It had shaped up as a classic showdown: Irresistible funk meets the immovable audience.
In his first full tour since the glory days of Parliament-Funkadelic, William (Bootsy) Collins, the self-proclaimed No. 1 Funkateer, was faced Sunday night with the task of inciting a dance frenzy between the wall-to-wall tables of the typically stoic Coach House.
Midway through the set, Collins and his eight-piece Rubber Band had dug a visceral groove with blasts of spine-jarring, soulful funk, tapered with smoky blues ballads. But the crowd’s response swelled no further than warm applause, scattered chants of “Boot-say” and a few sightings of gyrating torsos amid the seated throng.
Many of the stops had long since been pulled: Collins and saxophonist/stage manager had repeatedly pleaded for action, and lead guitarist Gary (Starchild) Schider had stripped down to a diaper. But still, nothing. Bootsy had already used up his first costume of fringe, glitter and glitz and retired backstage to change into another. Through Round 1, the House of Stoicism had undauntingly prevailed.
Upon Collins’ return--clad in a silver-studded white robe bearing the likeness of Casper the Friendly Ghost--signs of activity finally began to surface. Upon his shedding the robe--exposing a turquoise, black and silver zebra-striped outfit complete with Bootsy’s usual goofy array of accessories--an enthusiastic handful of fans shed their inhibitions and finally took to their feet.
The epiphany followed soon after.
During the unveiling of a new song, “Funkiest Mothers in the Universe,” Collins, flanked by Schider and Parker, waded into the crowd--a diverse mix of ages, races and styles--slapping hands and urging them to “touch somebody.”
Where earlier attempts to infuse funk into some feet rang stilted and contrived--such as Parker’s command to “free your mind and free your (behind)!"--this gesture of genuine affection shattered the barricade between artist and audience.
The entire less-than-capacity crowd succumbed to dance. One patron, apparently inspired by Schider, dropped his pants. And a young boy wearing a Kid Frost T-shirt jumped on stage and displayed some appreciated moves.
The Coach House had been overpowered by funk.
Even after lulling back into the ballad, “I’d Rather Be With You,” Bootsy’s Rubber Band from that point forward was in command, rekindling the fervor repeatedly, at will.
Although Collins has spent most of the past decade in a hiatus from music, he and his band proved that they could rediscover the soul of P-Funk days.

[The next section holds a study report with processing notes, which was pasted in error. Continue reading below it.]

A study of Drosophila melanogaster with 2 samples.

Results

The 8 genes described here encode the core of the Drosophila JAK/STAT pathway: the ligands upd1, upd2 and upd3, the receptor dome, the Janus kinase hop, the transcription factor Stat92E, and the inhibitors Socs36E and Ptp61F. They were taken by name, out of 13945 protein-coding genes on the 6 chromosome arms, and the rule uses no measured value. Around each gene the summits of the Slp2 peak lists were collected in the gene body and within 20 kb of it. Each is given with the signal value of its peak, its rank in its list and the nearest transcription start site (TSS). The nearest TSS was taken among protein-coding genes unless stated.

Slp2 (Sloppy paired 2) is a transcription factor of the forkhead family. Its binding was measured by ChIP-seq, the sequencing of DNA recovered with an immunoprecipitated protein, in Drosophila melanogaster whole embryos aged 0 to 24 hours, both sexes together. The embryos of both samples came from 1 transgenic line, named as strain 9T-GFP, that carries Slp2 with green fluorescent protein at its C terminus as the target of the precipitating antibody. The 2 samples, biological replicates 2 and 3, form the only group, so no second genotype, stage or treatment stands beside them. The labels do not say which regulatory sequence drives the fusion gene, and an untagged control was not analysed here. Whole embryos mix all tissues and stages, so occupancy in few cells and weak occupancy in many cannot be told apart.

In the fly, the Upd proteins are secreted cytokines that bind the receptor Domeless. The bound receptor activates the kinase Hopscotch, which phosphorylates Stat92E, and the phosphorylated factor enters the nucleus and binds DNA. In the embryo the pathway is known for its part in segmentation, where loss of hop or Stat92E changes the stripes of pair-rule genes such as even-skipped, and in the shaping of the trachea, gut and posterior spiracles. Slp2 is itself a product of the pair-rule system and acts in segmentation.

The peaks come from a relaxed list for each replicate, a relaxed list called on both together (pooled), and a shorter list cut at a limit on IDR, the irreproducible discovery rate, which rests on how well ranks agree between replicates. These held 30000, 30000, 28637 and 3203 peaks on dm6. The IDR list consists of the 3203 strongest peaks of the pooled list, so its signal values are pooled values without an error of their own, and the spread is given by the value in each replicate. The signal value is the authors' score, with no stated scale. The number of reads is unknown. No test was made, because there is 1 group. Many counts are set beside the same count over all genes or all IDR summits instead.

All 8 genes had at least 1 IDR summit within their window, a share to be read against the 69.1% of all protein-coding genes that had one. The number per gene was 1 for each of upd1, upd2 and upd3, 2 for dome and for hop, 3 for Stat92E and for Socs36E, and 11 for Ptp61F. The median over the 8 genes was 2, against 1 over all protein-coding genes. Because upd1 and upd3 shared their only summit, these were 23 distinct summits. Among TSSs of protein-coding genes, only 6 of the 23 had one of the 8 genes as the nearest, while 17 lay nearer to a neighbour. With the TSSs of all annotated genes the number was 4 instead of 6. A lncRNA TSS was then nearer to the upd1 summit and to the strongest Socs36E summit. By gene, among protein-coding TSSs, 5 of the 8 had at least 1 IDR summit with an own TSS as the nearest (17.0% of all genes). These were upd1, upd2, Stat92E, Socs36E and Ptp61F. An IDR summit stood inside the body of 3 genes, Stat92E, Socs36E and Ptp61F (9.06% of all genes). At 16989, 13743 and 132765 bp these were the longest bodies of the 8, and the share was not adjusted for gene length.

The music has broadened only slightly from its 1970s mold, and Sunday’s show was occasionally overridden by cliches, gimmickry and ego. But remarkably, the performance never hinted of the pathetic retro-endeavors common among many of Collins’ rock and pop contemporaries who are still chugging away.
Considered against the backdrop of 1990s music, the brand of funk Collins helped to forge assumes a revived relevance. By recapturing the spirit of his original sound, Collins’ performance unearthed the influences he has drawn upon, as well as those he has cast forth. The playful, energized show by turns was reminiscent of Sly Stone, Hendrix, Prince, Living Colour, the Red Hot Chili Peppers and Collins’ most obvious devotee, funk-satirist Blowfly.
In addition to the sonic pops from Bootsy’s trademark, star-shaped, glittered beast of a bass, his Rubber Band mates were impressive. The horn section of Fred Wesley and Parker, along with backing vocalist Gary (Mudbone) Cooper, supplied steady doses of soul, while rhythm guitarist Mike Hampton ventured into intriguing dimensions of groove and feedback. Keyboardist Trey Stone and percussionist Roger Hampton offered steady support for Collins’ rhythms, and Schider provided some titillating fretwork--several ill-advised, monotonous solos notwithstanding.
As Collins and his octet were leaving at the end of the 100-minute set, Bootsy led the crowd in chants of “Keep funk alive!”
As evidenced by Sunday’s victory over the reluctant crowd, Bootsy’s Rubber Band is clearly doing its share to fulfill that aim.
For that matter, so are the Limbomaniacs, who opened the show. The New York-based quartet scorched through a pulsating, eight-song set, expanding upon the bold rap-funk-rock hybrid staked out on its critically acclaimed debut album, “Stinky Grooves” (on which Collins also plays).
Although dominated by cover tunes, including a sinewy version of “Brick House,” the Limbomaniacs’ set proved an invigorating prelude to Collins, providing enough punch and spark to overcome the early passivity of the audience.